Global Justice

Wooden justice gavel and block with brass

States and private entities interact across borders. International and regional organizations affect the lives of individuals by taking targeted decisions. When things go wrong, people turn to justice – Global Justice. GGI’s Global Justice section is designed to produce in-depth analysis and targeted answers on all questions of international law in order to promote the rule of law – globally. Furthermore, our analysts focus on innovative approaches and legal developments at the intersection of law, economics, peace and security and environmental concerns. Our current research and advice projects focus on the following: Responsibility to Protect, Maritime Governance, International Arbitration & Mediation, and International Trade 



GGI Analysis: The Responsibility to Protect (R2P) and the Responsibility while Protecting (RwP) - Friends or Foes?

Author Kolb

September 2012

Since its endorsement at the 2005 World Summit of the United Nations, the “responsibility to protect” (“R2P”) has become a key concept on the prevention of atrocity crimes.

It rests on three pillars: the protection responsibilities of the individual states, international assistance as well as timely and decisive collective action. Parts of the concept have remained controversial, in particular the third pillar which comprises military force as the means of last resort. In late 2011, the notion of the “responsibility while protecting” (“RwP”) was introduced by Brazil.A Brazilian concept paper on the responsibility while protecting indicates a series of principles, parameters and procedures, most of which constrain recourse to the use of force and partly even to pillar three action more generally. On September 5, 2012, the General Assembly is scheduled to hold its informal interactive dialogue on the report that has recently been submitted by Secretary-General Ban Ki-moon on the third pillar of the responsibility to protect. In the run-up to this debate, the Global Governance Institute takes a look at the impact which the initiative on the responsibility while protecting may have, or has already had, on the concept of the responsibility to protect and its implementation.


Author Salomon

April 2012

The Council of the European Union decided to extend the ATALANTA mandate geographically to include Somali coastal territory and internal waters on the 23rd of March 2012 in its Council Decision 2012/174/CFSP. This decision, which still needs the sanction of national parliaments to allow all ATALANTA forces to act accordingly, has been the subject of criticism ever since. This briefing paper examines some of the questions raised in this context. It adresses the challenges against the legality of the new mandate and arrives at the conclusion that it is, in fact, legal under international law with respect to Somali sovereignty and the applicable human rights law. The brief also comments on the strategic drawbacks of the widened mandate. Despite all of these shortcomings, it is the authors conviction, that the new mandate, if implemented carefully, will add to the toolbox of the ATALANTA forces a tool, which will prove to be useful in the struggle against Somali piracy.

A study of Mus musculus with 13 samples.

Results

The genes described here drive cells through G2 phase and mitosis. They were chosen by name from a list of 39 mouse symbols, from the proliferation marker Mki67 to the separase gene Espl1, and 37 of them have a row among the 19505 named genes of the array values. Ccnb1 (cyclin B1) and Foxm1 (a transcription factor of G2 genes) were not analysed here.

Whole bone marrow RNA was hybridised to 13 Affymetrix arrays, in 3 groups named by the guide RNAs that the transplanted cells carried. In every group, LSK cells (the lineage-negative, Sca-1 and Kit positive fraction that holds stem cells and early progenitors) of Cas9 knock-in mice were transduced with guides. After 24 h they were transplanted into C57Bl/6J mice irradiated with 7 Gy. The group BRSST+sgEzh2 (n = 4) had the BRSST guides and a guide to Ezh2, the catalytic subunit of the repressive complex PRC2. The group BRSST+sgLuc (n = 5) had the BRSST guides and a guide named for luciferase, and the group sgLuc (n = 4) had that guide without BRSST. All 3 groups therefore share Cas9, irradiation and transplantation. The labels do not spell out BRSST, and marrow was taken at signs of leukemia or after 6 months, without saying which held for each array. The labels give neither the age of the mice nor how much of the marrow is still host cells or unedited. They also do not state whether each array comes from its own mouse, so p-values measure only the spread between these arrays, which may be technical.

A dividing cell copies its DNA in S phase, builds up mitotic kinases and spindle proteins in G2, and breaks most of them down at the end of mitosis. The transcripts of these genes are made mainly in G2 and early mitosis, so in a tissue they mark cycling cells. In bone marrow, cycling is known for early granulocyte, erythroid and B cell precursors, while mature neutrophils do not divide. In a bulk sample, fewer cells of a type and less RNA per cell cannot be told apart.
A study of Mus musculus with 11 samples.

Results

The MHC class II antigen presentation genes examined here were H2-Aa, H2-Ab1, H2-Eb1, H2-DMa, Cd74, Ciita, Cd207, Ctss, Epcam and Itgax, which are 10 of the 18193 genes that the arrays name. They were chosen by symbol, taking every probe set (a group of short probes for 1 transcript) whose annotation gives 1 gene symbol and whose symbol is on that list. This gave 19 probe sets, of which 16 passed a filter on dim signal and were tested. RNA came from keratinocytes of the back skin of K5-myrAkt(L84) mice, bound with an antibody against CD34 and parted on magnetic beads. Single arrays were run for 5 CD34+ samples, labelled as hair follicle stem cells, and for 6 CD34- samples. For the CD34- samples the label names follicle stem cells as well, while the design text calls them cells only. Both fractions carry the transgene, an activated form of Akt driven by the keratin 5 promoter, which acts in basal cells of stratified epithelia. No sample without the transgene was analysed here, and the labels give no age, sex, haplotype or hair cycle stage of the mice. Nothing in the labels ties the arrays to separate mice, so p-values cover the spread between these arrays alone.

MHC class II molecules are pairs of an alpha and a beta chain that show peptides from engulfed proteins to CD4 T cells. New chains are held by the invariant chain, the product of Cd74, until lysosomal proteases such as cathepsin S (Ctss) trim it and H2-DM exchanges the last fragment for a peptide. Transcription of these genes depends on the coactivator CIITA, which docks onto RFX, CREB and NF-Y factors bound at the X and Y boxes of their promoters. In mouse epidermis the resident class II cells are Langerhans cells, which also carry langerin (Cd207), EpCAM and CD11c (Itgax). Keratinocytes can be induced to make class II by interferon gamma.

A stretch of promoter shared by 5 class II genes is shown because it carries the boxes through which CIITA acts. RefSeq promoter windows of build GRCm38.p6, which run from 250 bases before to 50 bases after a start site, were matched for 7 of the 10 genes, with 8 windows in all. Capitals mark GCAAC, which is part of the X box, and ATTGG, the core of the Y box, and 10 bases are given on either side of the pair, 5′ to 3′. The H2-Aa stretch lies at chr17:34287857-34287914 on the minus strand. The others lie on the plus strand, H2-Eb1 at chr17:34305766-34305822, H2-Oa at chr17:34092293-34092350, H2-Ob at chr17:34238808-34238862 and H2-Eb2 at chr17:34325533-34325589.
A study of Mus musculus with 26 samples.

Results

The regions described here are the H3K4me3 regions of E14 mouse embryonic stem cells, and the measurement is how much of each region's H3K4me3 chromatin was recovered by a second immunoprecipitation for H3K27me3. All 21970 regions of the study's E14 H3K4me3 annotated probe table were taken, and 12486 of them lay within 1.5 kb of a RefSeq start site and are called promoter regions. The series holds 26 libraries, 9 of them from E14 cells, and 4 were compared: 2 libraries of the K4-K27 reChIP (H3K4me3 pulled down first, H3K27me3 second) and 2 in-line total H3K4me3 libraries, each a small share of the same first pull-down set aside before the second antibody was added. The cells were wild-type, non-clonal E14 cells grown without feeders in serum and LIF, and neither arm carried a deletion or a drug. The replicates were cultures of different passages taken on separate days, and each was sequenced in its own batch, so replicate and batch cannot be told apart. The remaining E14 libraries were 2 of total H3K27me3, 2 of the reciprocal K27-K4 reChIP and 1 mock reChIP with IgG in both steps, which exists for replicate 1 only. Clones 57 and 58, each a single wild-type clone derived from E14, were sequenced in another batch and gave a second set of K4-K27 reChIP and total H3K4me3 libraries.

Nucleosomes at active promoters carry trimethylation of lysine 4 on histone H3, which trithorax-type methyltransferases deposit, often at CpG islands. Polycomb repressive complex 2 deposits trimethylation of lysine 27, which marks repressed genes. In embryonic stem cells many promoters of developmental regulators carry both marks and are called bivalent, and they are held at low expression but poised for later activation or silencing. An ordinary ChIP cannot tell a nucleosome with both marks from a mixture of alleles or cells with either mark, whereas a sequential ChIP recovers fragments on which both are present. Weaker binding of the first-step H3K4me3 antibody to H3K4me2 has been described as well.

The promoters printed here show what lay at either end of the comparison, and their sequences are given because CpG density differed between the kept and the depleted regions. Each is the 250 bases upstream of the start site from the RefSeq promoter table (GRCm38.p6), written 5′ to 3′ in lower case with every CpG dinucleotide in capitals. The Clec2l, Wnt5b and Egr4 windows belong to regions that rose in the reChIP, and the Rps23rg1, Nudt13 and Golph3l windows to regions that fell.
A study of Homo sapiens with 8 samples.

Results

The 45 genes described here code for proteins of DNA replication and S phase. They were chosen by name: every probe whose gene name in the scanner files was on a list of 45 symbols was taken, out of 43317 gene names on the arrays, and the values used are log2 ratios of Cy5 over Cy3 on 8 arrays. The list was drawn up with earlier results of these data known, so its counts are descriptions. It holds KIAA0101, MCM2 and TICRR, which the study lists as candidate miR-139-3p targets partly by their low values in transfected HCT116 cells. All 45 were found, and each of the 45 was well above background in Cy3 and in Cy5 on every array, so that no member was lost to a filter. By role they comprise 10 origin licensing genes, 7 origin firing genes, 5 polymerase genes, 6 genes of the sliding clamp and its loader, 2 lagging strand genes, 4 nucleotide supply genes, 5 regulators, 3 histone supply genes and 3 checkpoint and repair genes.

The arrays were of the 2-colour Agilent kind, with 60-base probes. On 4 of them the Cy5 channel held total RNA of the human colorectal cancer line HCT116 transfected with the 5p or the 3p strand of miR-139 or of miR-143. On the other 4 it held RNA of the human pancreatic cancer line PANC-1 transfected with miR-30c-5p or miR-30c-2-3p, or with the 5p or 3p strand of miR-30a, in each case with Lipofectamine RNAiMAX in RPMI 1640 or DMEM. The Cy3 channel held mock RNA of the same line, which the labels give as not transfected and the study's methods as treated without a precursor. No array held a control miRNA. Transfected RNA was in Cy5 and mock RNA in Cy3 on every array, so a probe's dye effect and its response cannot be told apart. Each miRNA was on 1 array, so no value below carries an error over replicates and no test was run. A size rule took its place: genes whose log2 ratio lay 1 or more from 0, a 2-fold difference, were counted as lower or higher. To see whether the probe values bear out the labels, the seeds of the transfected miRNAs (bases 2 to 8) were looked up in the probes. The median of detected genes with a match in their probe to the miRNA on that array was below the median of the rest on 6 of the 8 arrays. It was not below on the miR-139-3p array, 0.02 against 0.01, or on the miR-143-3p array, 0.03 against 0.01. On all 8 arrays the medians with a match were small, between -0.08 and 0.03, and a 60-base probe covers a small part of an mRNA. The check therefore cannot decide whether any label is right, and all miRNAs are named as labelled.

Author Aloyo

April 2012

This paper presents a novel account of military and nonmilitary humanitarian intervention that unites two central and ostensibly competing strands in the literature on state sovereignty and the moral permissibility of humanitarian intervention. The first account, associated with Michael Walzer, holds that the right to collective self determination is morally important enough to override justifications for intervention except for rare cases. The second, more permissive account, associated with Walzer’s critics such as Charles Beitz and David Luban, justifies infringing on state sovereignty under certain circumstances to guarantee human rights. The paper reconcile these two accounts by arguing that if everyone has a right to democracy, then a robust list of rights – what are called basic democratic rights – must be secured to actually guarantee the right to democracy. This provides a qualified justification for intervention grounded in individual rights, and, at the same time, in collective self-determination. To make this argument, it draws on and criticizes aspects of just war theory and the literature on state sovereignty. Because nonmilitary humanitarian intervention may be far less costly in human and material expenditures to the intervener than military humanitarian intervention typically is, whereas military humanitarian intervention may be permissible but not required, many nonmilitary humanitarian interventions are duties. After constructing this moral theory, the paper then considers how it can be legally implemented under current international law.


Author Okwara

July 2011

This GGI Analysis Paper provides a preliminary assessment of a case at the International Criminal Court (ICC) against six Kenyans accused of crimes against humanity. The paper suggests that while the ICC process in relation to the country has been both roundly denunciated and applauded, there is some nascent evidence to suggest that it has marked a crucial step in the evolution of the Court as “complementary to national criminal jurisdictions.”1 Furthermore, Kenya’s case is providing an acute test of the Rome Statute’s controversial, yet unquestionably precedent-setting Article 15 provisions that have allowed the Prosecutor to exercise powers of initiating investigations proprio motu, in addition to providing for civil society participation in informing that decision. It will be argued that the Kenyan situation provides a significant milestone and illuminating example of how the Court can influence State Parties on the long road towards justice and good governance.